300. All Lives Matter: How to Live the Statement?


  1. Alton King says:

    I get and support the premise of this idealized state of interaction and thinking on this topic yet I respectfully disagree when context and history are absent. How much of the fear and angst is driven/fueled by bias, discrimination, distrust, and/or hate on the part of the police officer. Both conscious and unconscious bias play a favor, particularly when an officer is white and the alleged wrongdoer is black. America’s history is full of extrajudicial killings of blacks – especially black men – going back to the colonials days of the 1600s. Even FBI Director Comey noted this reality whereby many felt betrayed by such acknowledgement. Bloody Sunday is just one of countless examples. Police officers have a difficult job and most do fine in it, even if you applied Pareto’s rule 80% do somewhere between fair and exceptional. The police and law enforcement, supported by a problematic legal and judicial system, have been agents to control blacks as enslaved peoples (i.e., property), maintaining the status quo under Jim Crow, and front line implementers of a failed, yet sinister War on Drugs campaign and policy. Both history (e.g., strange fruit) and recent events (e.g., http://nymag.com/scienceofus/2015/12/black-boys-seem-older-than-their-white-peers.html) are constant reminders that a black life has never mattered, if anything its despised. Thusly, “until black lives matter, all lives cannot matter”.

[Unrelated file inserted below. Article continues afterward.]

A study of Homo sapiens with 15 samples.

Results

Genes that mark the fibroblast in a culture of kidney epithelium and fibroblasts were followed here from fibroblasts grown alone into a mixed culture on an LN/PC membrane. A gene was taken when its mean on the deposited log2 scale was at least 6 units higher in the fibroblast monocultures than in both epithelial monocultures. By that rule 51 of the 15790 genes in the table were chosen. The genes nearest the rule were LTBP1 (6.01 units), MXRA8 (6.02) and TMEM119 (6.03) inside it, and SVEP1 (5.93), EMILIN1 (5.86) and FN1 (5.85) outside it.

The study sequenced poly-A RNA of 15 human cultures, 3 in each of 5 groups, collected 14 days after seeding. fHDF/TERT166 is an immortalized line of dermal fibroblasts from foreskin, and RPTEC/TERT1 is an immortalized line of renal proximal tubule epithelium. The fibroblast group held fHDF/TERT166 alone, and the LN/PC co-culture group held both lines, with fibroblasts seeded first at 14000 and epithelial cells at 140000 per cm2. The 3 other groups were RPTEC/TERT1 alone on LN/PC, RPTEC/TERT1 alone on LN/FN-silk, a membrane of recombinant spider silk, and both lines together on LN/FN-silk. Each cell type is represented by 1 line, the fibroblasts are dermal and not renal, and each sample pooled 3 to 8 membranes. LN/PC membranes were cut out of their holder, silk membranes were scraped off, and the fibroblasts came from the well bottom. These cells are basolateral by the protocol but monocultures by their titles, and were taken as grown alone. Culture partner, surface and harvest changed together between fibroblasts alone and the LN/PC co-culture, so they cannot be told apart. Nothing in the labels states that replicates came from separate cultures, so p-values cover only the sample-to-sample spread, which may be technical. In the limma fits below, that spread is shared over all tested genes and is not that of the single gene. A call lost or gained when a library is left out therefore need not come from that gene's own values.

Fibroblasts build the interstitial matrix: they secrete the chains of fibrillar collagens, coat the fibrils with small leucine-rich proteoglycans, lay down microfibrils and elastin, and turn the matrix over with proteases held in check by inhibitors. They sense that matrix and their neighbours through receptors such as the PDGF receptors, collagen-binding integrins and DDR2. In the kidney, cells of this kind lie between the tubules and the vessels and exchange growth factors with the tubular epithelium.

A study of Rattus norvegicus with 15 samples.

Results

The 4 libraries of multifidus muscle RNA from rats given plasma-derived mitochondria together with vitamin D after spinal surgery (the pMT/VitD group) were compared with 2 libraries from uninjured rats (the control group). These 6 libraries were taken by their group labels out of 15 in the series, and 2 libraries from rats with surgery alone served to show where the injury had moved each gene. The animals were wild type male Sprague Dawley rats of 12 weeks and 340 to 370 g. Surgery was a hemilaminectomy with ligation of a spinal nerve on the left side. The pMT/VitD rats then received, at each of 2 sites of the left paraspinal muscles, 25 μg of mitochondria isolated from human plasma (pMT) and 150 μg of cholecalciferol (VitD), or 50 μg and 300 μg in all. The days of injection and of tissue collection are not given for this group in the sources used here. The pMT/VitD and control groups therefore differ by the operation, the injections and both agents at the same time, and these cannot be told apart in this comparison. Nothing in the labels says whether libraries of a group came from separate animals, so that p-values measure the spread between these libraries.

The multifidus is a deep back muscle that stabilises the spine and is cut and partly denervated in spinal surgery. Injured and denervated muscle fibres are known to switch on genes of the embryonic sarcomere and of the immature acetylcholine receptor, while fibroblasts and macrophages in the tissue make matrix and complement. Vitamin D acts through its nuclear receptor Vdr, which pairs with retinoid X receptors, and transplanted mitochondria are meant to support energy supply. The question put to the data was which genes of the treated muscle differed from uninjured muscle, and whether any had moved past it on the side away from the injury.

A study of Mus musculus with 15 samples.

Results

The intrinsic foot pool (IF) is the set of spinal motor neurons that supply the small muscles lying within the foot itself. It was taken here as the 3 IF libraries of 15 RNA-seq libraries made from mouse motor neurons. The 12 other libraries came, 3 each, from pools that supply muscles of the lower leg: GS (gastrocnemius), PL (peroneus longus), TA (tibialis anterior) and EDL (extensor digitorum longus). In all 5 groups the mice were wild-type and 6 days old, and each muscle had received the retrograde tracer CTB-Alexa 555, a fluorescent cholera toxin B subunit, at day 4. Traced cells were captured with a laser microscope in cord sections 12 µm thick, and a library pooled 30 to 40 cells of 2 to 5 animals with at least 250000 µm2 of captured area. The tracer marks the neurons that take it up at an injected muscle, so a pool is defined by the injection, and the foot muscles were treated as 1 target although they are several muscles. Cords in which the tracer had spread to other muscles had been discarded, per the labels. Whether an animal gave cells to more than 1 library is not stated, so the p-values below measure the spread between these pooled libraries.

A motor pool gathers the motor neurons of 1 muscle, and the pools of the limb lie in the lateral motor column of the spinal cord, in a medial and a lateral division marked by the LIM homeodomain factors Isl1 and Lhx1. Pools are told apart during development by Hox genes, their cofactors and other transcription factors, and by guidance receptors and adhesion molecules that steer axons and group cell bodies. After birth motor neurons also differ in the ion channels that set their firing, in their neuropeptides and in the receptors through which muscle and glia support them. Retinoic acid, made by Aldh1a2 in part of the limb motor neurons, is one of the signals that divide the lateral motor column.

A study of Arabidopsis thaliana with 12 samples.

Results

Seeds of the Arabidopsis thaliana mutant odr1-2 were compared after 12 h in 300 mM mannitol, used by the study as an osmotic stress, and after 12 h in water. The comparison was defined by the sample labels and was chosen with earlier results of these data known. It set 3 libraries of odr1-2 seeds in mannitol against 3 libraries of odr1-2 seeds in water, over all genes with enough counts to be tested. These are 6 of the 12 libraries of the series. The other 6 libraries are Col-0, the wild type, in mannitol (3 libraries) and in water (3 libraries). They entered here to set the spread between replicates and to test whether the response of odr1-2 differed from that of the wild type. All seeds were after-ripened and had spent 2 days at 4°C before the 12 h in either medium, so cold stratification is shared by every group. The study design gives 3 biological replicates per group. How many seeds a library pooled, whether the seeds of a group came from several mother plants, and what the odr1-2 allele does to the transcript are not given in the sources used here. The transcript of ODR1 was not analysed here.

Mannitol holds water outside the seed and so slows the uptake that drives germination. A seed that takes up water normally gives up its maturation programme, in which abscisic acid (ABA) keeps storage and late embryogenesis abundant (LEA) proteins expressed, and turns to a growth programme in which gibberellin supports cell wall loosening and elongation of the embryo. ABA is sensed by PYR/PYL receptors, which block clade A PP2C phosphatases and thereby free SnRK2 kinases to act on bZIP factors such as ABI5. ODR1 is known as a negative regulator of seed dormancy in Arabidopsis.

Today as in the past, a core critique is the violation and uneven application of constitutional law and rights. Michael Brown’s death was the straw that unleashed a community frustrations of daily living, well captured in the summary report on the Ferguson PD also here too (https://www.justice.gov/opa/pr/justice-department-announces-findings-two-civil-rights-investigations-ferguson-missouri). This is the reality for many community across the country not “exceptions”.

    To follow-up through on your premise, one has to acknowledge and embraces these realities. Discussions cannot improve related to this topic without it. Empathy is another important aspect that has to come into play – for the officer, individual, and community. This I’m sure we share a common belief in.